This Bengaluru-based organisation is building green homes from construction waste
The Hasiru Mane initiative by Hasiru Dala makes use of alternative materials from construction waste to provide low-cost housing that is ecologically sustainable as well.
India is facing massive waste management challenge, thanks to rapid urbanisation and growing population. In cities alone, about 62 million tonnes of municipal solid waste is generated every year.
Unfortunately, recyclable waste ends up in landfills along with other solid municipal waste outside the cities.
Bringing a solution to this problem is Bengaluru-based Hasiru Dala. The organisation is using construction waste like soil, concrete, steel pillars, remains of demolished buildings, wood, and plastic to construct houses for the poor.
The project, called Hasiru Mane, which was launched last year, has got both financial and technical support from the Selco Foundation.
Speaking to The Hindu, Nalini Shekar, Director of Hasiru Dala, said,
“We followed a unique methodology of design. We sat with each member of the household separately and asked them what they wanted in their new home. We have also tried to use alternative materials such as fly ash bricks that don’t require plastering or painting.”
At present, the organisation is constructing houses to people from low-income groups such as Indira, a ragpicker, and Devraj Gosai, a scrap dealer, under its Hasiru Mane project.
Speaking about his new house, Devraj said,
“We earlier lived in a mud-walled house with asbestos roofing. That house was in a dilapidated condition. We are grateful to Hasiru Dala for helping us construct a home that is not just beautiful, but also costs much lesser than what we expected.”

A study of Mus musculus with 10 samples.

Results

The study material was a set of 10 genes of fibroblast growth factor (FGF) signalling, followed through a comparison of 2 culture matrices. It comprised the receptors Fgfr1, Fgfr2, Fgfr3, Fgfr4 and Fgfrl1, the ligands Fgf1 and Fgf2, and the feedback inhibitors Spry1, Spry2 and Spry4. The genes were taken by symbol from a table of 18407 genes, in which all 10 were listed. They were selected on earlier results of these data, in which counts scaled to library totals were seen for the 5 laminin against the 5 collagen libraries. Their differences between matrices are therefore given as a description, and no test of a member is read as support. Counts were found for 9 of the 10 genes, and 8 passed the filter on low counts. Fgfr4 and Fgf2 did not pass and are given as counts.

According to Nalini, Devaraj’s house is almost completed, whereas Indira’s house is still under construction.
Commenting about recycling construction materials to build houses, Karthik Natarajan, who is the project coordinator and architect, said, using recycled and alternative materials benefits as it doesn’t end up in landfills or get dumped in the open space. It reduces cost and is also ecologically sustainable.
G Dasarathi, who has built his house from construction waste said,
“Using construction debris to rebuild was the best option since it is economically beneficial. The traditional way of building a house can cost up to Rs 40 lakh, and it dropped to Rs 17 lakh when I planned to build out of construction waste,” reports The Soft Copy.
In the coming days, the organisation is looking forward to take up smaller projects such as renovation and refurbishment of existing structures. Talking about the financial support,
Nalini said, “We have approached a few financial institutions seeking loans at low interest rates. However, they have not been forthcoming. By showcasing these two houses, we hope banks and other institutions may come forward to lend, and corporates may provide some funding to the project.”